Parlee launched one completely new model, with three versions, at Eurobike, plus a more budget friendly edition of their ESX aero road bike.
The Altum, shown above in it’s top form with founder and designer Bob Parlee, replaces the stock Z5 series of bikes. Sitting at the base of Parlee’s Z-series hierarchy, the Z5 was their semi-customizeable stock frame that provided a lightweight, fantastic riding road bike with Parlee’s signature comfort and performance. The Altum looks to improve on every aspect of that while also adding a much more affordable disc brake option to the line up.
Three version will be offered: The Altum is the top of the range and replaces the Z5 SLi. The Altum R gets a slightly heavier, lower level carbon and replaces the Z5i. The Altum Disc gets the same geometry as the rim brake models but is disc specific with convertible rear dropouts. All of them get a new Parlee fork, and the top model gets their new Parlee carbon seatpost.
Ride on for the complete tech breakdown, actual weight, and a look at one amazing custom paint job!
The Altum R, shown here in blue, has a claimed frame weight of 810g and will retail for $3,999 for frame, fork and headset.
The raised top tube at the head tube allows them to use an integrated headset spacer, which is available in three heights: 5mm, 15mm and 25mm.
This does away with the need for standard and tall frames, which means fewer frame SKUs. The geometry leans towards the taller option from before since that’s what they sold the most of.
Modular frame plugs make holes for Di2, mechanical and hydraulic lines through the downtube. They say it makes building the bike about 75% faster than with the Z5.
The head tube cap turns with the wheel.
Tire clearance is bumped to fit up to 28c tire and wider rims.
The 31.6 seatpost is held in place with an inline clamp, just like the ESX.
Tube profiles and cross sections grew from the Z5, with more dramatic ovalized and rounded shapes. BB is PressFit 30.
The downtube is nearly as wide as the BB shell, and the chainstays take full advantage of the space before curving back inward to improve foot clearance a bit.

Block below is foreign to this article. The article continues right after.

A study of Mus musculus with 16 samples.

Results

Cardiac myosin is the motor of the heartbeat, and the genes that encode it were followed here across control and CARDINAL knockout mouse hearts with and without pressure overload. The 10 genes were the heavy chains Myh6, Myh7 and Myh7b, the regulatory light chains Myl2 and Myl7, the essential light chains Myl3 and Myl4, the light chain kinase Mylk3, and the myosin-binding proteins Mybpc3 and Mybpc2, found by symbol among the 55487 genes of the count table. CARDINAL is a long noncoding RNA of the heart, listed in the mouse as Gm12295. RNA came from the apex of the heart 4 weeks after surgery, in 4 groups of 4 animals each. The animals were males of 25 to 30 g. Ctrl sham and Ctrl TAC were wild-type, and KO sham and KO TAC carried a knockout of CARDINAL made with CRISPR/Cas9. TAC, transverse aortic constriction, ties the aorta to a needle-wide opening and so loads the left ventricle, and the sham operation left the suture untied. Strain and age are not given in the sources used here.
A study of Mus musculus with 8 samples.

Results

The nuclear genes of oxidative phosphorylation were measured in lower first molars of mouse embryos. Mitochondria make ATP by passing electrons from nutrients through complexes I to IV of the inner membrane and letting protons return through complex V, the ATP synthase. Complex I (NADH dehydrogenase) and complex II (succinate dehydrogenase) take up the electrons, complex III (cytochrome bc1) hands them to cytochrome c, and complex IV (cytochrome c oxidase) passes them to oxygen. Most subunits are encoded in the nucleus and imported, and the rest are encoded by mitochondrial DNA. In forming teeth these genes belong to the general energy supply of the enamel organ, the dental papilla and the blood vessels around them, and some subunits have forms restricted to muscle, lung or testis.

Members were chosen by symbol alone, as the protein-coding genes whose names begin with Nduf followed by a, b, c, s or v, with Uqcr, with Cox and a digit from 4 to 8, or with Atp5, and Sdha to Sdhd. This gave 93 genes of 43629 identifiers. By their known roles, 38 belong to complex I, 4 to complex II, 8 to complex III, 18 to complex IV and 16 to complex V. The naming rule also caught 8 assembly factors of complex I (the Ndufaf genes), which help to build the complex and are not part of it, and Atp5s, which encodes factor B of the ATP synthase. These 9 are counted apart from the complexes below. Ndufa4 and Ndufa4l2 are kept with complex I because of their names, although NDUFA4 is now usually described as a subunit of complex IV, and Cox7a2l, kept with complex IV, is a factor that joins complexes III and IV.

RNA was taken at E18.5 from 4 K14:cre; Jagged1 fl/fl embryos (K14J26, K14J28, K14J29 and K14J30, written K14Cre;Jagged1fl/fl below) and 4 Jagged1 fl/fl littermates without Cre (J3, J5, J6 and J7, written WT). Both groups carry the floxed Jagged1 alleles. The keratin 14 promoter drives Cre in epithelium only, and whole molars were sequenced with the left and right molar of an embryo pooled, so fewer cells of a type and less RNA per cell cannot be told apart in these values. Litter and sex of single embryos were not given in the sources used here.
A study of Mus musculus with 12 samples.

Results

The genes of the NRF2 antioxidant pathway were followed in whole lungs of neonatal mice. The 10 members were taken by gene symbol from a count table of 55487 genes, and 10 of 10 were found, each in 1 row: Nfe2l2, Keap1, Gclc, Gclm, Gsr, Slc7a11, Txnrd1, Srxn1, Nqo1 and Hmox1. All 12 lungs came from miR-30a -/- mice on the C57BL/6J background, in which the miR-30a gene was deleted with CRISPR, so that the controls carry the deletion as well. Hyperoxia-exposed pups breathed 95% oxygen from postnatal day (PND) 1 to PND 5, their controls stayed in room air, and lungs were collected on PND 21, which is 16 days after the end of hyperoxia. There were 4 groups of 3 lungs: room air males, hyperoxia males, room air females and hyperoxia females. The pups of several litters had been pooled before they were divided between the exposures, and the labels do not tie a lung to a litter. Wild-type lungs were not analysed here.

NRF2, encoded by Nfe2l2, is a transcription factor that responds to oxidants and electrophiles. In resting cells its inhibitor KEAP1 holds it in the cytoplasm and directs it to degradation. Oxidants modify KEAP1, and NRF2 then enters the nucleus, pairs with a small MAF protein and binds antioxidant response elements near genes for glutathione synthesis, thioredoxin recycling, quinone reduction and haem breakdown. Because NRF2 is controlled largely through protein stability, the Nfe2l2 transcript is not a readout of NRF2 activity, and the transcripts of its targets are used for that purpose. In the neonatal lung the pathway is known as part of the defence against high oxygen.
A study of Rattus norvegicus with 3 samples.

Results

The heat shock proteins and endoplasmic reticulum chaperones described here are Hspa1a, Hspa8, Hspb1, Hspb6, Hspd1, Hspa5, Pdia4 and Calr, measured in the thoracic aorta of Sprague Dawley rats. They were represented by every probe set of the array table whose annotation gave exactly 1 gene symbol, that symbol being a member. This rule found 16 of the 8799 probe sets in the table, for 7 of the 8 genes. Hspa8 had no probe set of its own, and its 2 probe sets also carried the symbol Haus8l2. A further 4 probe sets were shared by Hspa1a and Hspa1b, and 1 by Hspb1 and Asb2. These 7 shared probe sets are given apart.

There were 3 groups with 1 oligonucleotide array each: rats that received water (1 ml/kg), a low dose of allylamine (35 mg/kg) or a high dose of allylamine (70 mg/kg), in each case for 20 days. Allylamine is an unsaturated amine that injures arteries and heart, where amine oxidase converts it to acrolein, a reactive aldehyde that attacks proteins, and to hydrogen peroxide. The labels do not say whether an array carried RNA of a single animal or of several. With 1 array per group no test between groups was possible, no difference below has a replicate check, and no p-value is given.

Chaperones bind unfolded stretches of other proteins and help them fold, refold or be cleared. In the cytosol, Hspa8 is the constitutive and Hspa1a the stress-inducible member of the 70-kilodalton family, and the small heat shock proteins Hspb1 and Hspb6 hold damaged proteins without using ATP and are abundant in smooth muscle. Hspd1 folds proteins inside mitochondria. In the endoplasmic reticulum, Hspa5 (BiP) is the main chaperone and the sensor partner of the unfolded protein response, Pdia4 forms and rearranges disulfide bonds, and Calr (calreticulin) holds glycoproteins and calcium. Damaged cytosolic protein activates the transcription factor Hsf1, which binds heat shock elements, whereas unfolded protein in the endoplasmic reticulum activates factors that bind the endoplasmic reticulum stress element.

All frames are mechanical and electronic ready out of the box.
The Altum and Altum R use standard 130mm road bike spacing for the rear axle.
The Altum gets a lighter carbon layup for a frame weight of just 750g. Across the board, the Altum is about 100g lighter per frame than the comparable Z5. It’s shown here running SRAM Red and a two-port frame insert.
The complete bike with SRAM Red, ENVE wheels, Michelin tires and Fizik saddle comes in at 6.14kg (13.54lb).
The Altum Disc’s frame comes in at a claimed 890g.
The fork runs the brake hose through the crown and out the inside of the leg. All of Parlee’s bikes spec a 1-1/8 to 1-1/4 tapered fork, which was hard to find other than a few options, namely ENVE. Their new ones are designed in house and made at the same foreign factory as the Altum. The forks weigh in at a claimed 280g (Altum), 330g (Altum R) and 360g (Altum Disc).
The rear brake sits nicely inside the rear triangle with plenty of cable length in front of to accommodate virtually any brand’s caliper.
The Altum Disc uses a swappable dropout to let it run 135mm QR or 142×12 thru axles.
The dropout parts bolt onto the carbon section, sandwiching it with an inner and outer metal place.
The parts for the thru axle are shown here.
The rim brake bikes will ship in popular sizes by October, and all sizes and the disc brake version by December. Perhaps one of our favorite features is the large but almost hidden logo placement on the bottom of the downtube.
Parlee had to make their own post for the ESX aero road bikes to fit their Recurve tube shape, so they went ahead and used the head of it to make their own 31.6 post. They wanted something that was easy to adjust and wasn’t fussy to assemble.
It’s just 185g, and they say the ride quality is very nice thanks to a custom layup schedule honed from years of making bike tubes. There’s a bit of flex built in to smooth the ride. Setback options are 25mm and 0mm. They’ll offer it aftermarket eventually, but for now it’s only available on their higher end framesets. Once inventory is better, likely Spring 2015, they’ll be available on more models and complete bikes.
The ESX aero road bike was released last November and started shipping this spring. Now, there’s a lower cost ESX-R that comes in at about the same price as the Altum R. Frame, fork and seatpost will come in at $4,499.
The ESX-R is just 95g heavier than the premium model, but uses all the same molds and wind tunnel proven shapes.
When we visited Parlee’s Massachusetts factory a couple years ago, they provided a detailed look at their custom painting prowess. Well, this urban camo number takes the cake.